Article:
How to Start Planning for Your Next Car
Whether you fell out of love for your old car or it’s just falling apart on you, maybe you’re thinking that it’s time to find a younger model. Whatever the reason, replacing it needs some planning involved – how else are you going to make the right decision?
There are just two main considerations before you get to the fun part of choosing the make and model: what your needs are, and how much can you can afford to spend. Begin by asking yourself these three simple questions:
What was wrong with my old car?
Let’s be honest, sometimes we just want an upgrade – a shinier coat, new features and mod cons, more speed, and all the nice-to-haves. But the year 2020 is all about being more budget-conscious, so instead, break it down into practical terms and ask yourself:
Is it comfortable for me – Do the seats adjust up and down or forwards and back enough to fit your height? Are all the knobs, buttons, and levers easily accessible?
Does it suit my lifestyle – Your situation may have changed since you bought your existing car. Perhaps you were a single student towing your friends around, but now an adventurous traveller who loves to take long weekend country trips.
What’s missing that I wish it had – Do you kick yourself for not taking the sunroof option, or perhaps you just want more storage in the glove box. Maybe your needs are more technical, like more torque or superior suspension and handling.
Does it feel safe – Does it start rattling while driving at 120 km/h on the highway? Does it virtually dent if you so much as poke an elbow at it? Safety is the most important consideration, so don’t take it lightly when choosing a vehicle.
Do parts take too long to arrive – When the car goes in for a service or repair do you have to wait weeks before you can get it fixed?
Are the parts and repairs more costly than its worth – Do the parts have to be ordered from overseas which makes them more costly?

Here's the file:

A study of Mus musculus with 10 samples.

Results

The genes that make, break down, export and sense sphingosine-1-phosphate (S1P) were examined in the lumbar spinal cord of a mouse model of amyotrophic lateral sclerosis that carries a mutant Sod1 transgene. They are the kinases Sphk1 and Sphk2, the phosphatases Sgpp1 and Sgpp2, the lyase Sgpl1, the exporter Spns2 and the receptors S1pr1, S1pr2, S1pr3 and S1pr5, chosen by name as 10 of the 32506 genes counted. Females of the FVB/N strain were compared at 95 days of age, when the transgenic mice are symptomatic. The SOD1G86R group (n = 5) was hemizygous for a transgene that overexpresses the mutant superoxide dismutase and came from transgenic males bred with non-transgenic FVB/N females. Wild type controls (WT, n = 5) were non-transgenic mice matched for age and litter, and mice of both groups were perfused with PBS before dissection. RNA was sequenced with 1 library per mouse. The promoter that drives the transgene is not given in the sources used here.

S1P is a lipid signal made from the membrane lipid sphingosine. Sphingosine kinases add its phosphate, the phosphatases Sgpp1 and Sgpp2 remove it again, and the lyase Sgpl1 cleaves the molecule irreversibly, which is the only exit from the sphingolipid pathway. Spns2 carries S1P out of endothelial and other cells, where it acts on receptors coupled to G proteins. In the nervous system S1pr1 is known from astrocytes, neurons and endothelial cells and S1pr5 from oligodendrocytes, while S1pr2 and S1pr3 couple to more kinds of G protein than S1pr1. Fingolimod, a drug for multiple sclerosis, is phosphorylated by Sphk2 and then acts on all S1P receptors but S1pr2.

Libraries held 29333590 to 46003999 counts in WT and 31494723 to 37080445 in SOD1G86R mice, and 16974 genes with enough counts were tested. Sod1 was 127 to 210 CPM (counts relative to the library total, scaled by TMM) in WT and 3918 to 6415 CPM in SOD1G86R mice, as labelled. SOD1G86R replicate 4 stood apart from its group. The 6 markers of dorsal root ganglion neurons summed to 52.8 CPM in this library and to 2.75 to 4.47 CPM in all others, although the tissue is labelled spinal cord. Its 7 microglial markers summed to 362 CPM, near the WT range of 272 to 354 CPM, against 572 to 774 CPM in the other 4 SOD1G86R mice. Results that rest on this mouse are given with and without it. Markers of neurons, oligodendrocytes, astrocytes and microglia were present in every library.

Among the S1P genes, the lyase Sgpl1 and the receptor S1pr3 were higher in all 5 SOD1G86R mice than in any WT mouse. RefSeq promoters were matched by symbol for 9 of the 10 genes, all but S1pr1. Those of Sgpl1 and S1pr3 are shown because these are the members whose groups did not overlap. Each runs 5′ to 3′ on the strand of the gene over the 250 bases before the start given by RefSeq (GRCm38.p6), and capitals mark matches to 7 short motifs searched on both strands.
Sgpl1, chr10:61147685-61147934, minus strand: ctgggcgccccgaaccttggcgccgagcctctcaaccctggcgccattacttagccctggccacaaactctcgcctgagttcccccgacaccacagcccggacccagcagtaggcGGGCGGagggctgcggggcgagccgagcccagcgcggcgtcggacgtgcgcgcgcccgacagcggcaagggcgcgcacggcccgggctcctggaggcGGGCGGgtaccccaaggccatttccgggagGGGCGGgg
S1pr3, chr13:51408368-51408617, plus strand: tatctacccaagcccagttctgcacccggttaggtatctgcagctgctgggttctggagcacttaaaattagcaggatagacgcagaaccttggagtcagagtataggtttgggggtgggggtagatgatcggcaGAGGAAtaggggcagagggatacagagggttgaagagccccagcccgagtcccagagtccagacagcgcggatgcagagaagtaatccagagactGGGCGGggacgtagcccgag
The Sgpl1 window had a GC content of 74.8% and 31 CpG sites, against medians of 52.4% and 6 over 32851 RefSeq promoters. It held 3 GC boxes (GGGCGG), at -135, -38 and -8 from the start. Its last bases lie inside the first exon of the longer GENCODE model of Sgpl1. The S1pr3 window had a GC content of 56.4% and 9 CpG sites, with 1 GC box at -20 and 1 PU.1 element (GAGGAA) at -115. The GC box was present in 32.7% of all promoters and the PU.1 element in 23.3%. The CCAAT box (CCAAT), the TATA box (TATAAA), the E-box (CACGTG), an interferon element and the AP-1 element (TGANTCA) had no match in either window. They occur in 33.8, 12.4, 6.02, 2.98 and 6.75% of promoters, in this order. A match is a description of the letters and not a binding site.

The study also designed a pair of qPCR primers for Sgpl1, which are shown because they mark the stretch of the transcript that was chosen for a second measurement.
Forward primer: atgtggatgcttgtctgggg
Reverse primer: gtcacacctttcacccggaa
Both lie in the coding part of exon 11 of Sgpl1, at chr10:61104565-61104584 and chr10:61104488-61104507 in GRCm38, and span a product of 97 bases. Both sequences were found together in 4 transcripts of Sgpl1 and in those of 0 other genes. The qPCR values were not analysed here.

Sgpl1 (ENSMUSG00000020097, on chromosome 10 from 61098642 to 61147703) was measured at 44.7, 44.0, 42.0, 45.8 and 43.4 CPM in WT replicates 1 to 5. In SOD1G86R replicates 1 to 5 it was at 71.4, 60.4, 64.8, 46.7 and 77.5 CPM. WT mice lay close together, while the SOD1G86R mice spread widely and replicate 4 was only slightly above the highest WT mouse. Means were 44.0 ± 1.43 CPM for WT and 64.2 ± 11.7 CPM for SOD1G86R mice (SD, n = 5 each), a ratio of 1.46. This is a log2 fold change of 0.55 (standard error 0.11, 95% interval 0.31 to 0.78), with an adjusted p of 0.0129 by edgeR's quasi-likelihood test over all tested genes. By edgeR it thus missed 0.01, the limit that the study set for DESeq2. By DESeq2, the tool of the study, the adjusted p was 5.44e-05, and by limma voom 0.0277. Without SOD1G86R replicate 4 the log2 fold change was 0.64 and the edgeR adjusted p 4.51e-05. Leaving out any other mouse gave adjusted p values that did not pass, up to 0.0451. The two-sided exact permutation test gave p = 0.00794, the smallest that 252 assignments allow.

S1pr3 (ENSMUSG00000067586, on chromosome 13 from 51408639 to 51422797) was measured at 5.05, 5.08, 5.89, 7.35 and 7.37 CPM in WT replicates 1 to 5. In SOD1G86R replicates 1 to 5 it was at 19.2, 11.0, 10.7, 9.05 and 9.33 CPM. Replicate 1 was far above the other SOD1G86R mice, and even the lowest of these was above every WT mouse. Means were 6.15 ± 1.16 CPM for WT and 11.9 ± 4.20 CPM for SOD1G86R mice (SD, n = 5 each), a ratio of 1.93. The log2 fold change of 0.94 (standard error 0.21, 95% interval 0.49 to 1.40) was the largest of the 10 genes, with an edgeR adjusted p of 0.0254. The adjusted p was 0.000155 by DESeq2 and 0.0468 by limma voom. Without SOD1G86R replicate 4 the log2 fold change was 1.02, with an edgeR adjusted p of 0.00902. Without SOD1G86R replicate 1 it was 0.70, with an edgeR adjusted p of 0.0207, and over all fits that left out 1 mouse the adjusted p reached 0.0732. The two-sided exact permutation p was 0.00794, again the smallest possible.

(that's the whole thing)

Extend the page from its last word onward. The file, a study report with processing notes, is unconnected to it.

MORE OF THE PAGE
Take these answers and bear them in the forefront of your mind when shopping for a new car. This time around, you want to get it as close to the perfect car as possible. Remember, looks are not everything. Suitability and safety are.
What do I want from my next car?
Now that you know what you don’t want, it’s easier to determine what you do want. Begin with taking note of your personal and lifestyle needs, then match these with the features or benefits that should be prioritised in a list.
I need a safer vehicle for regular highway driving – Solid construction
I need to cartloads of kids’ sports equipment around often – Bigger boot space
I must have cell phone hands-free ability – Bluetooth
I don’t want to have keep spending on high maintenance costs – Reliable, low, maintenance
This list can be as long as you need. In fact, the longer it is, the clearer the picture in your mind becomes.
What can I reasonably afford on my next car?
You may want to start with this step first – calculating your budget. If it feels more comfortable knowing what you can afford before understanding your needs, that’s entirely up to you.
Before hunting down the make and model of your next car, you’ll need to look into your personal finances to determine these basic affordability figures: lump sum, deposit, monthly instalments, and monthly car insurance premiums.
Use this online vehicle calculator to determine your monthly instalments.
Once you know what you want in a car and can afford, you’ll be suitably equipped to make the right decision on what make and model is best suited for your lifestyle and pocket.
It may be hard to say goodbye to your old car. At Auto Pedigree, we make it easy with a choice of over 4,000 makes and models to choose from. All our quality vehicles are late models with low mileage and come with stringent quality assurance for peace of mind. Find your make and model with our easy car search facility.
Disclaimer: This information is for educational, or entertainment purposes only. It must not be construed as advice, legal, financial, or otherwise. We do not make any warranties about the completeness, reliability, and accuracy of this information. The views and opinions are those of the author and not necessarily those of Auto Pedigree.